Dark clouds loom over agriculture due to low paddy sowing and mango farmers’ woes

Farmers have sown a lesser amount of paddy crops this kharif season. Mango farmers are also suffering this season due to several issues.

Dark clouds loom over agriculture due to low paddy sowing and mango farmers’ woes

Photo: Saumendra/Pixabay

Planting of paddy, the primary kharif crop, has begun in places that have received monsoon rains and it is accelerating as the monsoon moves through different regions of India, Agriculture Commissioner PK Singh informed the press on Tuesday, June 20th. 

“Paddy sowing has just started and it has been good so far in areas which have received rainfall. It is picking up as the monsoon progresses in different parts of the country”, Singh said. He added that farmers have started preparing nurseries in certain areas.

In nurseries, the paddy seeds are first sown and raised into young plants. The plants are then uprooted and replanted in the main field.

According to data from the Department of Agriculture & Farmers Welfare, the area planted with paddy up to last week was down 14.66%, at 532,000 hectares, compared to 623,000 hectares during the same period last year.

The agriculture commissioner stated that pulses are cultivated in rain-fed regions and that sowing would increase as the monsoon rains develop. According to the statistics, 180,000 hectares of pulses were seeded until the last week of the 2023 kharif season, compared to 422,000 lakh hectares during the same period last year.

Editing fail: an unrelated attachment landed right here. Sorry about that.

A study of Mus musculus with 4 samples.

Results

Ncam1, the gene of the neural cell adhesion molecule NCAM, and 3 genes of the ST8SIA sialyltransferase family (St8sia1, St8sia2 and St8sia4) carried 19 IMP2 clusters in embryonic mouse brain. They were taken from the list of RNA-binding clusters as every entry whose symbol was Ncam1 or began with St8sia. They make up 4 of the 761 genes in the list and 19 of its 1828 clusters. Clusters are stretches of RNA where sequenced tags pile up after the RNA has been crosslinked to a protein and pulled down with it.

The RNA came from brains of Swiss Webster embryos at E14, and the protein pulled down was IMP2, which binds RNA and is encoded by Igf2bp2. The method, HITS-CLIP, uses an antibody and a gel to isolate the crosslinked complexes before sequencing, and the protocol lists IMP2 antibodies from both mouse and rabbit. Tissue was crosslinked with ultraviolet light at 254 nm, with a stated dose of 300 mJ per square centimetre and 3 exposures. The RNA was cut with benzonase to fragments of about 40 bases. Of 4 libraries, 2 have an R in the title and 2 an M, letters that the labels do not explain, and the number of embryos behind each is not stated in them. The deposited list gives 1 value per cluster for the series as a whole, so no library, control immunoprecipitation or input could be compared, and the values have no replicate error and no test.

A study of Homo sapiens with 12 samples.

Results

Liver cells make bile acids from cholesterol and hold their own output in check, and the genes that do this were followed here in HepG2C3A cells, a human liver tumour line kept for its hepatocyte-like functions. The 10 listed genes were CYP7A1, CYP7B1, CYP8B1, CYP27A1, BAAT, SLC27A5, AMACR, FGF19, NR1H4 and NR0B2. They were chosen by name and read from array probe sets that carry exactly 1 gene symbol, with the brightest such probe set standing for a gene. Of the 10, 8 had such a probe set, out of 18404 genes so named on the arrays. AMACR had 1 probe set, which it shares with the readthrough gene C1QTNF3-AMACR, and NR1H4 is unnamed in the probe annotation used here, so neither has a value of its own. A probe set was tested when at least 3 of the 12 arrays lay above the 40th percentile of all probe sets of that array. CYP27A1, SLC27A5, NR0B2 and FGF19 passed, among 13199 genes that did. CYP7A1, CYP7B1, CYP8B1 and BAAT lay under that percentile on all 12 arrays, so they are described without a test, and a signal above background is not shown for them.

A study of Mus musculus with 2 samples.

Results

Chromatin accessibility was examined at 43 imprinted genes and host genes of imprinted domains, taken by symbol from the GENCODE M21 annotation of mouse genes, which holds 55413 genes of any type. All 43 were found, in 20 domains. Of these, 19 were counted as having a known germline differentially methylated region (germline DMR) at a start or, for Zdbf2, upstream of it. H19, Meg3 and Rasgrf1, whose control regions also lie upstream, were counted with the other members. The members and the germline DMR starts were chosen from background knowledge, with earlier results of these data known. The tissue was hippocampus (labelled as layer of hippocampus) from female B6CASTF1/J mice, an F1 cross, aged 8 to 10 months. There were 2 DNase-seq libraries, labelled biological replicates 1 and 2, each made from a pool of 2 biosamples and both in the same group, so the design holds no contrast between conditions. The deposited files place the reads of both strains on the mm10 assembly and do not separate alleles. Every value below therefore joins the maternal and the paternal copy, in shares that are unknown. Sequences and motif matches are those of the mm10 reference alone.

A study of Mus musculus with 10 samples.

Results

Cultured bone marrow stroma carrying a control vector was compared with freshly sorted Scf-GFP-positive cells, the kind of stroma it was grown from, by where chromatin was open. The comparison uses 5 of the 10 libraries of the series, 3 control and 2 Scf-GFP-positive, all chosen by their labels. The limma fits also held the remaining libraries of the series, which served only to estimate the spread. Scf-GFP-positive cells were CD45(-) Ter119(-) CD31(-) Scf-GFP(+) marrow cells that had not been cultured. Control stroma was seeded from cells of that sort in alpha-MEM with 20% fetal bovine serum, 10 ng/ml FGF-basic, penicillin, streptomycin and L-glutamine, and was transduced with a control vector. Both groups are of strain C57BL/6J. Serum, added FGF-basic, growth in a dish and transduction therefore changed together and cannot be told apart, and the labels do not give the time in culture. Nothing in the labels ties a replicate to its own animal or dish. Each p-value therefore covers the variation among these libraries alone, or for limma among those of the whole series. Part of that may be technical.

Oilseed sowing area also remained somewhat lower, at 411,000 hectares, up until last week. However, the sowing area of coarse cereal has increased to 1.24m hectares, up until June 16th. 

 Paddy is the principal kharif crop, and its planting often begins when the southwest monsoon arrives. The kharif season accounts for over 80% of all rice output in India.

While falling paddy sowing is slow vis-a-vis last year on the one hand, on the other, mango farmers of West Bengal need help to recoup the cost of production despite this season’s record yield. 

Due to excessive losses in cultivation, mango farmers of Malda district in West Bengal have sought the state government’s intervention, a merchant’s body said on Tuesday.

It has urged the government to step in and offer incentives to promote increased fruit exports from Malda to other countries and states.

The body has also sought standard testing and export facilitation centres in Malda, as well as a mango processing facility to support growers and the regional economy.

While the slow sowing of paddy, despite the agriculture commissioner’s ebullience, can affect India’s overall rice production in 2023, the challenges faced by the mango farmers can also snowball into a major threat to the local economy of West Bengal’s Malda district. It’s yet to be seen how the government intervenes in both cases and resolves the issues. 

Ritika passionately reports on current affairs, conflicts and politics. Ritika pursued BA in Mass Communication from St Xavier’s University, Kolkata. She loves watching films or reading when she isn't chasing the news.